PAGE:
There is a certain irony in the Arab Gulf States’ rising power across the Middle East and North Africa. International prestige, the ability to intervene militarily in regional conflict, and holding the same leverage as international financial institutions in aid and investment are what these states have long coveted. But now that they have the power—both economic and military—Gulf States like Qatar, Saudi Arabia, and the UAE are faced with the dilemma of demonstrating their dominance without destroying the neighborhood.
These Gulf States’ foreign policies are increasingly at odds with their economic interests. Twenty or 30 years ago, times of war and conflict in the wider Middle East usually meant marginally better economic times for the Gulf States. Oil prices would rise, Dubai could host informal arms negotiations, and the relative calm of the backwater Gulf cities beckoned those in the Middle East (and further abroad) seeking a place to shelter investment, and sometimes to continue opposition politics. From the 1960s to the 1980s the Gulf States provided a welcome for many expatriate Arabs looking for jobs in education, health care, and security services.
But no more. The economies of the Gulf States have changed dramatically since the beginning of the second oil boom, between 2003 and 2014. Joined together in the Gulf Cooperation Council (GCC) trade bloc, they are more integrated into the regional and wider international economy in trade and investment flows.
Their labor markets are less reliant on Arab nationals, with the influx and preference for workers from Asia since the 1990s. Meanwhile, citizens living in the Middle East and North Africa (MENA) region are more dependent on family members working in Gulf States, as a source of remittances (money sent to foreign nationals abroad). At the same time, the mega real estate projects that have propelled infrastructure development across the Gulf in the last decade have relied on wealthy expatriates as builders and buyers of these ventures.
The GCC’s outward investments in equity markets, especially towards Europe and the United States, means it is also more integrated globally. And it has large amounts of foreign direct investment in infrastructure, agriculture, and real estate across the MENA region.
The figures speak for themselves. Average annual inflows of foreign direct investment into the GCC have blossomed to more than US$30 billion in the decade since 2001. This is up from less than $1 billion during the 1990s and constitutes the bulk of total foreign investment in the Arab world). The GCC States are now more sensitive to the financial stability of their local markets, as well as to the performance of their investments regionally.
With the prolonged decline in oil revenues, the stakes for ensuring stability and continued financial flows both into the Gulf, and the profitability of ventures flowing out of the Gulf, are high. Gulf state investments are also in unlikely places, including shared investments with deemed adversaries like Iran. In non-oil trade flows, the GCC States continue to lag behind other regional organizations in promoting trade, though it has certainly been increasing in the last decade:
The strength of their economic influence in the region lies in huge flows of capital—often a mixture of remittances, foreign aid, and foreign direct investment under the auspices of state-related bodies. This has enabled the Gulf States to usurp international institutions in shaping economic reform across the MENA region, especially in Egypt and other oil importers.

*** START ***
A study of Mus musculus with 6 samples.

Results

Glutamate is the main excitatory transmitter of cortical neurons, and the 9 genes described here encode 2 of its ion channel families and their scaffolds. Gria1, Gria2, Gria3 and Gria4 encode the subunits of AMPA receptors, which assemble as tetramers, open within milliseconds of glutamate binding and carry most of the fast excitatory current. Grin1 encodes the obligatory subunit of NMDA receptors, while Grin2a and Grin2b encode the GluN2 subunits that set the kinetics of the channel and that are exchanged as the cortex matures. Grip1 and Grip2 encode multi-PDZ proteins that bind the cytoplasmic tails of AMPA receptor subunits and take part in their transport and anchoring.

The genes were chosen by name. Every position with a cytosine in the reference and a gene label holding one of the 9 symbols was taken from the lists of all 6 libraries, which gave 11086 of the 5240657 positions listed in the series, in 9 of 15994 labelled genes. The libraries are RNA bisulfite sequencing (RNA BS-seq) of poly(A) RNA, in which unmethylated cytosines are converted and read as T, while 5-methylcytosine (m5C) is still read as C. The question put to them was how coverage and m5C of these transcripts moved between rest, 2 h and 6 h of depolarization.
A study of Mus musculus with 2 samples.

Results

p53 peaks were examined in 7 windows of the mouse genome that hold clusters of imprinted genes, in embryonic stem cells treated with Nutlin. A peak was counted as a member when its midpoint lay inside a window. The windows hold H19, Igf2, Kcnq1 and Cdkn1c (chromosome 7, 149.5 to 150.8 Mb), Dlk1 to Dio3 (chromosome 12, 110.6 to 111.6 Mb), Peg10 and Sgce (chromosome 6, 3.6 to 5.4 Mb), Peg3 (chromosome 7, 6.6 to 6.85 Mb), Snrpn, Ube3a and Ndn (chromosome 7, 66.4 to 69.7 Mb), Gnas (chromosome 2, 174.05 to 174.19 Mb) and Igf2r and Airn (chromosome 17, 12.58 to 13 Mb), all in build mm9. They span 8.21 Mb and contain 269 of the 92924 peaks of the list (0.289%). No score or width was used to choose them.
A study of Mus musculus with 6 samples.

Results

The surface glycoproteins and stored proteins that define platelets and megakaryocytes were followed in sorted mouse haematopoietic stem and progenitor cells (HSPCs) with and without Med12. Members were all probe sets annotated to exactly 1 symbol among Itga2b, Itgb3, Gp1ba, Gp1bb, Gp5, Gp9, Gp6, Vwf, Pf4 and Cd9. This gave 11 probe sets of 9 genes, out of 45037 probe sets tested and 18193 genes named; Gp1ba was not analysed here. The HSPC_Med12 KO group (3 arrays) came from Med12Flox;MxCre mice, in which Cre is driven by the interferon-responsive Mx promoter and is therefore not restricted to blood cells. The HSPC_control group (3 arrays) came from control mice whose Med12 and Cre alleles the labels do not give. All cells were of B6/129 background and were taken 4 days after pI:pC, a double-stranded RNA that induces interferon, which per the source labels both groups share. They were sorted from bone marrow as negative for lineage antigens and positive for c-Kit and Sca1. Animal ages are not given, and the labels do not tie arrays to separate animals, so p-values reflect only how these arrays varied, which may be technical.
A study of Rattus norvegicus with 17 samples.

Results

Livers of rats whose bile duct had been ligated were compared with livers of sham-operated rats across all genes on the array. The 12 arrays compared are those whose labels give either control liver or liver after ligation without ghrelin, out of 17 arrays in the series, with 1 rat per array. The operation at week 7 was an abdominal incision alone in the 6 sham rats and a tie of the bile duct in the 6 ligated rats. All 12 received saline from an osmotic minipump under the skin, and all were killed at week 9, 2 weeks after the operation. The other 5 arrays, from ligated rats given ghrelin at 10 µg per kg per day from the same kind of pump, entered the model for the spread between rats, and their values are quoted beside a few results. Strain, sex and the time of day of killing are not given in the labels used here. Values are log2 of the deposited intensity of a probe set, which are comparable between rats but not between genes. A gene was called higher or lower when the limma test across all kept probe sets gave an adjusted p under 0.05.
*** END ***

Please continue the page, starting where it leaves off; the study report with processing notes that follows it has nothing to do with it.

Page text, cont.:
Politically, however, the GCC is engaged in numerous interventions across the region that have caused significant disorder and pose a threat to their mutual economic prosperity. The Gulf States were successful in crushing the Arab Spring within their own countries and cementing their development agenda. By contrast, their interventions in Libya, Syria, Yemen, and Egypt have stoked the chaos there, putting the stability of the region at risk.
In the last year, the foreign economic policies of the UAE and Saudi Arabia have specifically targeted the political and economic stability of Egypt and Lebanon. In Egypt, the attempt has been to support the Sisi administration, while also creating opportunities for state-related entities to invest in Egypt’s housing and infrastructure development.
In Lebanon, they have punished the political establishment for its perceived proximity to Iran by reneging on military aid transfers and discouraging economic links and travel there for Gulf citizens. Their foreign policies, in arms transfers or direct confrontation, have targeted Libya, Syria, and Yemen. Iran remains a target of diplomatic confrontation.
In each of these interventions, there is an incumbent economic cost to the GCC States. The war in Yemen is probably the best example of a mounting military expenditure that will only be dwarfed by the cost of rebuilding Yemen, which surely the UAE and Saudi Arabia will have to help foot. The Gulf States would therefore be wise to start dovetailing their foreign policies with their economic interests by fostering stability instead of conflict. And sooner rather than later.
Karen E. Young is a visiting fellow at the Middle East Centre, London School of Economics and Political Science. This article was originally published on The Conversation.
Views expressed in this article are the opinions of the author and do not necessarily reflect the views of The Epoch Times.